The federal government issued new sunscreen regulations Tuesday — just in time for summertime beach bumming, but 33 years overdue.
The U.S. Food and Drug Administration first began working on the sunscreen regulations back in 1978, and revised its proposal in 1999 and again in 2007, but the changes were never adopted. The new rules will finally go into effect in 2012, giving sunscreen labels a boost in clarity and accuracy.
For starters, manufacturers can market their products as “broad spectrum” only if they protect against both UVB rays (which cause sunburn) and UVA rays (which penetrate skin cells more deeply and are thus more strongly linked to cancer). Both types of harmful ultraviolet radiation contribute to premature aging, eye damage, weakened immune systems and cancerous DNA mutations.
In short, for any sunscreen that is not broad spectrum or that has a sun protection factor, or SPF, below 15, the label can only advertise protection against sunburn — not skin cancer or early skin aging.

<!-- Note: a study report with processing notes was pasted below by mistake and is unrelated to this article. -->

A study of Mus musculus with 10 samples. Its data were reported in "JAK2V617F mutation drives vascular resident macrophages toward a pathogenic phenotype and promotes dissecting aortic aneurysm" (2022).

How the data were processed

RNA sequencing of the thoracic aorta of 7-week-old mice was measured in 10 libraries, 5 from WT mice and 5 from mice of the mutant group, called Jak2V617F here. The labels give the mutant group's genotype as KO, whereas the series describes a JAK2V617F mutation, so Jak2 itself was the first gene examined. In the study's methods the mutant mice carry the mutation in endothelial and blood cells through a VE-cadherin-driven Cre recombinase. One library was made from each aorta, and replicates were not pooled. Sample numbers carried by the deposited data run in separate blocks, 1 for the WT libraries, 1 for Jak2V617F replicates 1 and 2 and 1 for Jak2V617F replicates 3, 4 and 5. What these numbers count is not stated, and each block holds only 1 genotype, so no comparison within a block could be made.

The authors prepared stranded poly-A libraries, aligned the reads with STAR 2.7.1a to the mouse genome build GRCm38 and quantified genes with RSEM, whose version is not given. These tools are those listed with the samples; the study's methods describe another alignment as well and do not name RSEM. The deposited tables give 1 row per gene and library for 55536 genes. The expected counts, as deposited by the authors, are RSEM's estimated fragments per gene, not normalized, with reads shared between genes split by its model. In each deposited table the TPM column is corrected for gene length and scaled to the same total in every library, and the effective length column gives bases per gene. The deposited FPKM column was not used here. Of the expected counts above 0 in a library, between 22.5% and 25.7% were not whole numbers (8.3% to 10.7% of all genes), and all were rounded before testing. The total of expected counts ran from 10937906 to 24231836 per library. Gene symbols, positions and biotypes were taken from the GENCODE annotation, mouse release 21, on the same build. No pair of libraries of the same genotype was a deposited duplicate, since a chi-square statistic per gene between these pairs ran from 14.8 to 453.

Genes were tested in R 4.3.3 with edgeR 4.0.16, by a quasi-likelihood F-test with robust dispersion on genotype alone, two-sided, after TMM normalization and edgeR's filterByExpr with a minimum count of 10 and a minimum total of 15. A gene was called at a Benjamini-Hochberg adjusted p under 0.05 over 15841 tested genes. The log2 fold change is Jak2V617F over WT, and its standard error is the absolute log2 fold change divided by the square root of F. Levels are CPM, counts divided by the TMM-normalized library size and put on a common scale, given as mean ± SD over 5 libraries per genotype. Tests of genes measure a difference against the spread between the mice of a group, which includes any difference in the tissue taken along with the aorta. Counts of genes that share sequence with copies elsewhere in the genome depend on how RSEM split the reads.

The regulations also limit SPF claims to “50+,” since the FDA has not found evidence of enhanced sun protection for SPF greater than 50. In fact, sunscreens with excessively high SPF may expose consumers to unnecessary quantities of chemicals while providing no additional benefits.
And sunscreens can no longer be called “sunblock,” nor can they claim to be “waterproof” or “sweatproof.” Proper labeling will say “water resistant,” with a suggested time limit — of no more than two hours — before reapplication.
Coupled with the sunscreen regulations is a comprehensive consumer-directed campaign to reduce skin cancers, the most deadly of which is melanoma. As a first line of defense, the FDA recommends limiting sun exposure by wearing protective clothing (darker is better) and staying indoors or in the shade, especially between 10 a.m. and 2 p.m.
The FDA regulations come at a time when skin cancer is the most prevalent cancer in the U.S. — beating out breast, prostate, lung and colon cancers combined. According to the Skin Cancer Foundation, 2 million Americans are diagnosed with skin cancer each year; one in five people will develop skin cancer over the course of a lifetime.
The good news is that starting this summer and by mid-2012, consumers will have more concrete information about how to protect themselves from the sun.